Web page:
Business Planning and Forecasting: What to Look For.

There are three magic numbers in a set of business forecasts. Trading without interruption, paying bills on time and obtaining finance depend on them.

Planning and Forecasting

Planning a business doesn't stop with the marketing plan, nor does it stop at the profit and loss forecast. A business can make profits and still run out of cash at some point. If that happens marketing and profits could go out of the window.

What any good business plan also needs then are acccurate forecasts for operating profit, liquidity and reliable cash flows to indicate that there will be no interruption of payments as they fall due. If such payments are interrupted, there will be a vey good chance that the supply of merchandise and services can also end up being interrupted. The rest of the plan then becomes unsustainable.

Operating Profit

A forecast for operating profit is concerned with profits wholly and exclusively earned through the core trading operations of the business.

Profits arising from the sale of fixed assets or income from investments or bank deposit accounts are therefore excluded. Interest charges (but not bank charges) are ignored as these are concerned with financing, not trading.

AS far as counterparties such as the bank or other senior creditors are concerned this is the only profit forecast that matters as it reflects a company's earnings exclusively from its core trading.

Net Current Assets

To be found in the balance sheet and also known as working capital, the difference between current assets and current liabilities broadly describes the liquidity of a business.

Current assets are cash plus the value of assets arising exclusively from trading such as stock on the shelves and accounts receivable that are expected to be converted into into cash within twelve months.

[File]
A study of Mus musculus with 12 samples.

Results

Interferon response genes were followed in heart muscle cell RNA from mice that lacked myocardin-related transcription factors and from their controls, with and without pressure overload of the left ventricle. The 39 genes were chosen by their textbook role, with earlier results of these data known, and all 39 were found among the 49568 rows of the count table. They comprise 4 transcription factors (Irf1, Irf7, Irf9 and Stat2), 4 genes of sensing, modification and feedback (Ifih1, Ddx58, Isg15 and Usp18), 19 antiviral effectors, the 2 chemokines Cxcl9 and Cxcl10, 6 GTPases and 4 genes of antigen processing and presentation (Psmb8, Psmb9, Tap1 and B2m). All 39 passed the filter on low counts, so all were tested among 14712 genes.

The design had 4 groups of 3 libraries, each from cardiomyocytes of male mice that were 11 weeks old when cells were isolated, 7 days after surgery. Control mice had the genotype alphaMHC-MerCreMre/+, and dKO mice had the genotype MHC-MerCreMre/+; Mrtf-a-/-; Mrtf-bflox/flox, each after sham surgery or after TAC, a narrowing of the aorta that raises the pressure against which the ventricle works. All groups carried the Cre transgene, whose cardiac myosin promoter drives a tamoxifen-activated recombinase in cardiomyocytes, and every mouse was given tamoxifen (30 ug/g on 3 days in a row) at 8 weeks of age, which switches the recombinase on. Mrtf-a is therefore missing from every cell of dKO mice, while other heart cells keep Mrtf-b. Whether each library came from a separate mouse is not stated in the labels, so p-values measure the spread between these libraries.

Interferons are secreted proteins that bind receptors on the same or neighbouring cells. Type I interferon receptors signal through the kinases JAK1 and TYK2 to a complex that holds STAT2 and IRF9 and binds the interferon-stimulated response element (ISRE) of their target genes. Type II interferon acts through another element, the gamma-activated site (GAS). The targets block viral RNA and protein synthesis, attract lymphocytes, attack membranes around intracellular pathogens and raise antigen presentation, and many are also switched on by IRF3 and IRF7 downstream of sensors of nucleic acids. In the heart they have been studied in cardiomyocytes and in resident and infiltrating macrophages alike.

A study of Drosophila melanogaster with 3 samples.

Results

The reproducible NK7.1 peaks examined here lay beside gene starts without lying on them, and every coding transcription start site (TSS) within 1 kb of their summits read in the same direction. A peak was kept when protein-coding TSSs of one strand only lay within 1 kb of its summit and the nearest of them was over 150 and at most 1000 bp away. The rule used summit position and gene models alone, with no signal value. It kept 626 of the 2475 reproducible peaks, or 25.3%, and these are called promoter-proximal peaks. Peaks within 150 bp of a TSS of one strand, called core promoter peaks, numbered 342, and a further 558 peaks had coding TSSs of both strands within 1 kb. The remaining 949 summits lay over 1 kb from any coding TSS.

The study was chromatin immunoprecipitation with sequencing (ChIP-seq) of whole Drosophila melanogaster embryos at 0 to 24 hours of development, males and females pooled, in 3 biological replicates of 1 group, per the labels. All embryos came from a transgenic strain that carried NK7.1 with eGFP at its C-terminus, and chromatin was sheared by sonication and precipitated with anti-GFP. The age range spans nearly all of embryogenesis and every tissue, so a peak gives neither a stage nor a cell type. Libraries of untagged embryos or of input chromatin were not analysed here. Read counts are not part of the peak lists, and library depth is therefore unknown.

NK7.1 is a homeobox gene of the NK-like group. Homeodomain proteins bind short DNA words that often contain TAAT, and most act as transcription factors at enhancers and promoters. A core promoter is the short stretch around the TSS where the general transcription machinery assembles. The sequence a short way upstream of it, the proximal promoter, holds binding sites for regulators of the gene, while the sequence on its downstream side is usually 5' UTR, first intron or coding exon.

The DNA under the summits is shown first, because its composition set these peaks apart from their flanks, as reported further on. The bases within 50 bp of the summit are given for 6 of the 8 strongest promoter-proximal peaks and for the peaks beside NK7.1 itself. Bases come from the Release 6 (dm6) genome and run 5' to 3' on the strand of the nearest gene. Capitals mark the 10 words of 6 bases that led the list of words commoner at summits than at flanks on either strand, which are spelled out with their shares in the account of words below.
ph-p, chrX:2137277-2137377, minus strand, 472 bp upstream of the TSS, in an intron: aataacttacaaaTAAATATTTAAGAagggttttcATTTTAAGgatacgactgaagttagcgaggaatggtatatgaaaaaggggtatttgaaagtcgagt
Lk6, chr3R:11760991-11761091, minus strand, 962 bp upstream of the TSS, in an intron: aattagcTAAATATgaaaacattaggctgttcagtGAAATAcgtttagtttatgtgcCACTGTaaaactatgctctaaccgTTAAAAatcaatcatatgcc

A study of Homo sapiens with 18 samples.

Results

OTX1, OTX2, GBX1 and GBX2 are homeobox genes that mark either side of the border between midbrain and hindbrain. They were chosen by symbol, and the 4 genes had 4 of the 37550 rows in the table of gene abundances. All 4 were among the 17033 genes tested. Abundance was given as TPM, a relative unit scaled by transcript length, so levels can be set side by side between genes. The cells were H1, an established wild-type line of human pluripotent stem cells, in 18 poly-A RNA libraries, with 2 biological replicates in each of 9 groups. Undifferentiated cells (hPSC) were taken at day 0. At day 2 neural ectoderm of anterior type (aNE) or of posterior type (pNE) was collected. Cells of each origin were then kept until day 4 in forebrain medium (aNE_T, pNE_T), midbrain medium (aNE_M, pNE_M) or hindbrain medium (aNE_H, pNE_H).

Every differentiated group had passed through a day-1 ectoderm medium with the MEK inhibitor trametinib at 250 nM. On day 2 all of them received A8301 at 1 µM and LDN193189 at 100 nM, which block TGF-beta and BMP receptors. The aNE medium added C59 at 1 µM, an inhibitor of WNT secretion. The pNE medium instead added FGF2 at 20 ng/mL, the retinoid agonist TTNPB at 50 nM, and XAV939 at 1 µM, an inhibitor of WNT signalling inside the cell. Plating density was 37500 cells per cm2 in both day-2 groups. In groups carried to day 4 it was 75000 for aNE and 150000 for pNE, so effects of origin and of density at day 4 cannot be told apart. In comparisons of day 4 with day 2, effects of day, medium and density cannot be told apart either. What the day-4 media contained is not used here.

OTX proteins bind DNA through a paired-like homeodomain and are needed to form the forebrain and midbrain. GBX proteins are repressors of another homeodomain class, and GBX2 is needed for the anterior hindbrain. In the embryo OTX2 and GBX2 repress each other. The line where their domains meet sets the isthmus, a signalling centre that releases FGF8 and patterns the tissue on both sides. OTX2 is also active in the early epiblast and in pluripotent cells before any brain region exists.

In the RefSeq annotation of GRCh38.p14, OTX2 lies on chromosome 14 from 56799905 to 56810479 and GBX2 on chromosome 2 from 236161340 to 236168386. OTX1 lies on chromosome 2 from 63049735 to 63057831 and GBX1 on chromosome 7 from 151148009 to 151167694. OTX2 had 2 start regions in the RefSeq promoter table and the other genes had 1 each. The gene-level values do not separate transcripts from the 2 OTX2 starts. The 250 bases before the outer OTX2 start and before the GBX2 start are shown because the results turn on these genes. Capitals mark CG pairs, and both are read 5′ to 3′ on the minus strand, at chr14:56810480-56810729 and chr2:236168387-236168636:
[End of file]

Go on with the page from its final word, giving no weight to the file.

Current liabilities represent the total debt owed by a business that are payable with twelve months. As bank overdrafts are subject to recall without notice they also qualify as a current liability.

This is one of the many forecasts Figirewizard produces. However if your own forecast returns net current liabilities instead of net current assets tthe message your plan will be delivering is that it will run out of cash and therefore be unable to service its debts at some point.

That would call for selecting the What-If Calculator and making changes to margins, overheads, investments or financing to eradictae deficits..

Operating Cash Flow

All cash flow and bank balance forecasts are important but it is the operating cash flow forecast that is the truly strategic one where planning is concerned.

Operating cash flow represents the cash created by the business solely through its trading. This is done by adding net operating (trading) revenue to movements of its financial arrangements concerned with commercial credit such as accounts receivable and trade creditors.

That demonstrates the extent to which a business can generate cash flows that are sufficient to support its trading. Even more importantly it describes how capable the business will be in supporting its trading and of servicing both current and additional finance should the need arise.

That is why operating cash flow is strategically important; especially so for a business that is growing.

Non-operating cash flows, both positive and negative are subsequently added to generate total net cash flow. That is then balanced against sources of financing such as the bank, asset financing, loans and so on.

There are links below providing interactive working examples of all of these forecasts including a step by step illustration showing how operating cash flow is calculated.